China suspended US warship visits and sanctioned American NGOs on Monday in retaliation for the passage of a bill backing pro-democracy protesters in Hong Kong.
Hundreds of office workers in Hong Kong’s business district gathered on Monday for the first in a week of lunchtime protests backing the pro-democracy movement after its resounding victory in district polls last month in the Chinese-ruled city, reports Reuters.
A day earlier police again fired tear gas to disperse thousands of protesters as they marched past the city’s Kowloon waterfront, after first going to the US consulate on Hong Kong island to show gratitude for Washington’s support.
The financial hub has been rocked by nearly six months of increasingly violent unrest demanding greater autonomy, which Beijing has frequently blamed on foreign influence.
Last week US president Donald Trump signed the Hong Kong Human Rights and Democracy Act, which requires the president to annually review the city’s favourable trade status and threatens to revoke it if the semi-autonomous territory’s freedoms are quashed.
The move came as the world’s two biggest economies have been striving to finalise a ‘phase one’ deal in their protracted trade war.
‘In response to the unreasonable behaviour of the US side, the Chinese government has decided to suspend reviewing the applications for US warships to go to Hong Kong for (rest and) recuperation as of today,’ foreign ministry spokeswoman Hua Chunying said at a regular press briefing.
China had already denied requests for two US Navy ships to dock in Hong Kong in August, without specifying a reason why.
‘Operationally, from a military point of view, it doesn’t really make a difference for the US, as they can use many naval bases in the region,’ Michael Raska, a security researcher at Singapore’s Nanyang Technological University, said.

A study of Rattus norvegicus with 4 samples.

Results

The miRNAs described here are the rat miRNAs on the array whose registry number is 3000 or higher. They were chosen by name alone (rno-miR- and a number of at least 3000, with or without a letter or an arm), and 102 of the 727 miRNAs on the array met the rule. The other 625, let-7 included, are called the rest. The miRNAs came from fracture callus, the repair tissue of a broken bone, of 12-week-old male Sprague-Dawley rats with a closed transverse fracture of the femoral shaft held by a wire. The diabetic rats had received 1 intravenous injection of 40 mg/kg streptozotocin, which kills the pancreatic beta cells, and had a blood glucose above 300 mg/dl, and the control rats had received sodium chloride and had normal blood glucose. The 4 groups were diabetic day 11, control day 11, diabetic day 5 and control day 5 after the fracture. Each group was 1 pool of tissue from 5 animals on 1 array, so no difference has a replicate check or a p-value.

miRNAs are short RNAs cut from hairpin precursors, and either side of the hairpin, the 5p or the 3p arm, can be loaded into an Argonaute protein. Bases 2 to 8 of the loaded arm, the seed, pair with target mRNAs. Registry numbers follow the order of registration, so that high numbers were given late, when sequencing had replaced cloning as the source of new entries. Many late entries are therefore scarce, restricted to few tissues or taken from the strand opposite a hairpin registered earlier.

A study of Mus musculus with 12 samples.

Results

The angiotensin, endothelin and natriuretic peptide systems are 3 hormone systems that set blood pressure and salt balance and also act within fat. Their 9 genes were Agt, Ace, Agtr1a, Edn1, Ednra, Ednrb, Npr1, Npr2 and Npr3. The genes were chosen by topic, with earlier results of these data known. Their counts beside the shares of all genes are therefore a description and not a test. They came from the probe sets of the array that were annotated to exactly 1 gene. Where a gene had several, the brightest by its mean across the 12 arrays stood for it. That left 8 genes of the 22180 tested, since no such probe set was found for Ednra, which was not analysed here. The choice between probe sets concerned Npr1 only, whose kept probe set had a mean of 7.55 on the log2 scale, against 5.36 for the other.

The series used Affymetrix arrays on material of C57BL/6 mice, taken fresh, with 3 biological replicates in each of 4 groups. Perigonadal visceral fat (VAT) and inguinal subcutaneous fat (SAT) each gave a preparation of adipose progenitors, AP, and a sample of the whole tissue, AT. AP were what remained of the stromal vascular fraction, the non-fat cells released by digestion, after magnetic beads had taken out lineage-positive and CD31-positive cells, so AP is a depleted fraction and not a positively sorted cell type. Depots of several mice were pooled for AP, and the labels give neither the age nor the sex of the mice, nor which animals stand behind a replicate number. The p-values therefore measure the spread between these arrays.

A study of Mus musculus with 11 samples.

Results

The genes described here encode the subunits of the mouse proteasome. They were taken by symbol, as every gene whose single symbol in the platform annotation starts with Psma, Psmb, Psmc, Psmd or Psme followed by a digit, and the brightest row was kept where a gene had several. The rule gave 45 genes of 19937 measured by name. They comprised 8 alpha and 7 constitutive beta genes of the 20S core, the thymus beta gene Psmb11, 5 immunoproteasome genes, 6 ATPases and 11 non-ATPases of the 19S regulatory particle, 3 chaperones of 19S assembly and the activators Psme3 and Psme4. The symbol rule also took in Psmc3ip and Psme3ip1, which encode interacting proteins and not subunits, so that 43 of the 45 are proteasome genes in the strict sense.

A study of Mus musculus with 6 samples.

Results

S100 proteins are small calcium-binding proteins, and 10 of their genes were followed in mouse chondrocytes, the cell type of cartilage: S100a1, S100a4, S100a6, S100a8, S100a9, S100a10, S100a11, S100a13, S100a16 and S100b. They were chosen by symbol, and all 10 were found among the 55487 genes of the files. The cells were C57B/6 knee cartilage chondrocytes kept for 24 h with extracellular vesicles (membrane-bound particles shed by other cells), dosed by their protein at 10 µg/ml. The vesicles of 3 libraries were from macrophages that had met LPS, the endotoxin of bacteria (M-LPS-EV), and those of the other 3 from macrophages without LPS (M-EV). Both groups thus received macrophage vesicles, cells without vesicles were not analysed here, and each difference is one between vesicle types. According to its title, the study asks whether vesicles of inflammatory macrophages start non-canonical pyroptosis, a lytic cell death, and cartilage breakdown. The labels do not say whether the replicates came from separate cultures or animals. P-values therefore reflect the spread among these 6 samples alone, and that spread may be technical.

However, it ‘sends a signal that US-China tensions will continue to deepen,’ Raska said.
The last US navy ship to visit Hong Kong was the USS Blue Ridge in April.
J Michael Cole, a Taipei-based senior fellow with the Global Taiwan Institute, said the move was ‘mostly symbolic’ but yet another sign of the ‘tit-for-tat escalation which is poisoning the bilateral relationship.’
Hua said they would also apply sanctions to a number of US-based NGOs, although failed to give any specifics over the form the measures would take.
Sanctions will apply to NGOs that had acted ‘badly’ over the recent unrest in Hong Kong, she said, including the National Endowment for Democracy, Human Rights Watch and Freedom House.
There was ‘already a large amount of facts and evidence that make it clear that these non-governmental organisations support anti-China’ forces and ‘incite separatist activities for Hong Kong independence’, Hua said.
She accused them of having ‘great responsibility for the chaotic situation in Hong Kong’.
Protesters in Hong Kong are pushing for greater democratic freedoms and police accountability, but the city’s pro-Beijing leadership has refused any major political concessions.
The increasingly violent rallies have hammered the retail and tourism sectors, with mainland Chinese visitors abandoning the city in droves.
The city’s finance chief warned Monday that Hong Kong is set to record its first budget deficit in 15 years.